Written By: Rob Tomas, Animal Curator
If only it was that easy! Moving a tiger from zoo to zoo (or any animal for that matter) takes a lot of time, preparation, many staff members, and patience-- and did I mention time? Did I mention patience?
When a recommendation comes to us from the Taxon Advisory Group (TAG) to move an Amur tiger to a new facility, we start with careful, lengthy discussions amongst the animal care management team, which includes the Zoo Director, Animal Curator, Senior Animal Care and Veterinarian. (So far: 4 staff members.) Once we have had an internal discussion, the Curator will reach out to the receiving institution to discuss if they have received the recommendations and have internally discussed whether they can receive the animal (3-4 staff members on their side). If the answer is yes, now the work begins.
On our end, we involve the Registrar and Vet Technician to coordinate sharing of husbandry files, diet information, enrichment, and medical records--basically the animal’s life history. (We are up to 10 people involved.) When the receiving institution has our information, their Curator and Veterinarian look over the history and approve or ask for additional information (we’re at 12 people) and will ask for a Pre-Ship Exam of the tiger. The Pre-Ship Exam includes blood work to check the overall health of the animal, radiographs, and a dental work up. Sound easy? “Just bring the cat to the vet and it will be all taken care of in a short time.” Again, if it was only that easy.
Once our Vet Tech schedules the Pre-Ship Exam, the direct animal care staff continues to condition the cat to be hand injected with vaccines, a potential voluntary blood draw and/or administering of sedation, all done for the cat’s welfare and well- being to minimize stress. It can take 2 staff members to work with the cat to ensure the process is complete. Here is where patience comes in. Depending on the animal and how it feels towards staff, it can take a long period of time or just a few days to learn the process and to be comfortable. To help explain, consider your pets at home, especially if you have cats. Cats are very independent and will warm up to one member of your family and not others. (Now we are up to 14 people.)
Once all the medical exams are complete and are sent to the receiving institution for approval, our staff will begin crate training—again, done so the cat will voluntarily enter the crate and be comfortable in it. This can take days or weeks depending on the animal and comfort level. Crate training is done several times throughout the day: the cat is given access to the crate and has the option to explore or sleep in the crate. During this time the Curator schedules the transport, in this case, ground transport.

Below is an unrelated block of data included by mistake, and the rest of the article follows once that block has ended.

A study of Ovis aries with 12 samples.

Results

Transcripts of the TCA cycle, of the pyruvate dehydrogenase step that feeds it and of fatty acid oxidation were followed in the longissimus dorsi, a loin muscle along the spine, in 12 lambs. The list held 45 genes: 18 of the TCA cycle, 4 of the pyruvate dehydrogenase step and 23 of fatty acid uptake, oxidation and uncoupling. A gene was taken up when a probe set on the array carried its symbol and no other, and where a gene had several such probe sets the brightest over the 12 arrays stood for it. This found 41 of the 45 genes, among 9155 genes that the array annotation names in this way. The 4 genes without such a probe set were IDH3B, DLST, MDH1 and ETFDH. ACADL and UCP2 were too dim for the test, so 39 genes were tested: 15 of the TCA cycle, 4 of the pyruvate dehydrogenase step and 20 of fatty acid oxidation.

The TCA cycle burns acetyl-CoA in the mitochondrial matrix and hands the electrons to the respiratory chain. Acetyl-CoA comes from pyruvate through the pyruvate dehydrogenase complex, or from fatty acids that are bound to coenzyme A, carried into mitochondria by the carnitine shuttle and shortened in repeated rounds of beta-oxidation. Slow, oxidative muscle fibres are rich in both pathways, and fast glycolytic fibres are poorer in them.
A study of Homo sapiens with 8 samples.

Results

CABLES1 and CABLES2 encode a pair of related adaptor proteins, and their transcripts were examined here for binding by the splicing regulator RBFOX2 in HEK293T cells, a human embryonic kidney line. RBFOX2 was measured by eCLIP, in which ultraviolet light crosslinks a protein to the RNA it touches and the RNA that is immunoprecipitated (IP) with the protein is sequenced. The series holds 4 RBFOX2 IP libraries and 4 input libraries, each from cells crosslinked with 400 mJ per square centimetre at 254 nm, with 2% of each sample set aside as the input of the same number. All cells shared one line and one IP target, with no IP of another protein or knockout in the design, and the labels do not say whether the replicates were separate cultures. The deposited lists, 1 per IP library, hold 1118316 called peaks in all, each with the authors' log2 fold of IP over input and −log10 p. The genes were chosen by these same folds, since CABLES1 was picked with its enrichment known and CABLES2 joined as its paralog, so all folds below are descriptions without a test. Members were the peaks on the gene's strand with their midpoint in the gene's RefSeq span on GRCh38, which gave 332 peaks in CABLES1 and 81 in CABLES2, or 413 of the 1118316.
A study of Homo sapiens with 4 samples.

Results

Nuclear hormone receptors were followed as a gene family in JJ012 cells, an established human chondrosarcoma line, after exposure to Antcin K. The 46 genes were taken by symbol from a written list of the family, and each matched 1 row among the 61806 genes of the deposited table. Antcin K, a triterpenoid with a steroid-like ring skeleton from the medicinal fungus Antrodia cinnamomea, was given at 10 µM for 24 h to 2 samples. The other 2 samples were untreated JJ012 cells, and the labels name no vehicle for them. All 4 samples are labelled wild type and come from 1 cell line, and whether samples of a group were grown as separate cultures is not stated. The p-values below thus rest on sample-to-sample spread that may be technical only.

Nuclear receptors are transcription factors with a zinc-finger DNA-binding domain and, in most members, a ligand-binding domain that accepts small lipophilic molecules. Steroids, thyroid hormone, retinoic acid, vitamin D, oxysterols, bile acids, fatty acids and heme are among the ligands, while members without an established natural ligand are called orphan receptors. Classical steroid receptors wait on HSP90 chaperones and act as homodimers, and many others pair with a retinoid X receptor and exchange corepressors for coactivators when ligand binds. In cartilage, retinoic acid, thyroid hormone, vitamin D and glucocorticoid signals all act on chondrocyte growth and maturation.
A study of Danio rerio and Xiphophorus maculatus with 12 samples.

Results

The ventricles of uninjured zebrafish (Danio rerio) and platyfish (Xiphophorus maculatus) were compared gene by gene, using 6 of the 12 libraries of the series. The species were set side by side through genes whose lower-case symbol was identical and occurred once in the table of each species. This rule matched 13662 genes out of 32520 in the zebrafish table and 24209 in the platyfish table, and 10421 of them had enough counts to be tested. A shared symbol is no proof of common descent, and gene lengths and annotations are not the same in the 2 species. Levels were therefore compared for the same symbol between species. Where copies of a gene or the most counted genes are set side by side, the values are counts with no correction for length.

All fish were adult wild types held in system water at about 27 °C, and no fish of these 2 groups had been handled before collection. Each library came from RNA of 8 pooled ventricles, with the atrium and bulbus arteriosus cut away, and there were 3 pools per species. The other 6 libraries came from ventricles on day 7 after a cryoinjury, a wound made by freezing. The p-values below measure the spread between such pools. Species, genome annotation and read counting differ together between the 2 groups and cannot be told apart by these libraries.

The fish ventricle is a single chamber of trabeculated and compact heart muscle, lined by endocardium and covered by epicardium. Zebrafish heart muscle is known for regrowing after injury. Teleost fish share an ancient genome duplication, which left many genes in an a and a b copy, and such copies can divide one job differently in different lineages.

When a date has been scheduled, both the Transporter and Curator confer on the route to be taken and contact other AZA facilities along the way for a point of contact. The reasoning is if something should go wrong –if there’s a flat tire, mechanical breakdown or a health concern arises-- the Transporter can easily call the point of contact and make necessary arrangements to ensure the well-being of the animal.
The transporter arrives with 2 staff members, one of which is a Vet Technician. The Vet Technician’s job is to monitor the animal during transport, check the air temperature within the crate, adjust temperatures as needed , and administer her favorite treats and water during the transport. (There are now 16 staff members involved). Once the cat walks into the crate and the door is lowered and secured, up to an additional 6-8 staff members are needed to lift the crate quietly and smoothly to the vehicle.
She’s loaded, so you would think our job is done. Not so! The Curator contacts the receiving institution and advises that she is on her way. The Transporter is in contact throughout the trip with both the sending and receiving institutions. On our end, constantly monitoring the phone for updates can become a sleepless night. When the cat arrives, we are notified she is there, and we are again notified that she is out of the crate and settling into her new home (with several staff there needed to help unload).
If you haven’t been keeping track, there are a total of 24- 30 staff members combined between two institutions and an Animal Transporter to ensure that the cat’s welfare is the top priority along with safety for all involved.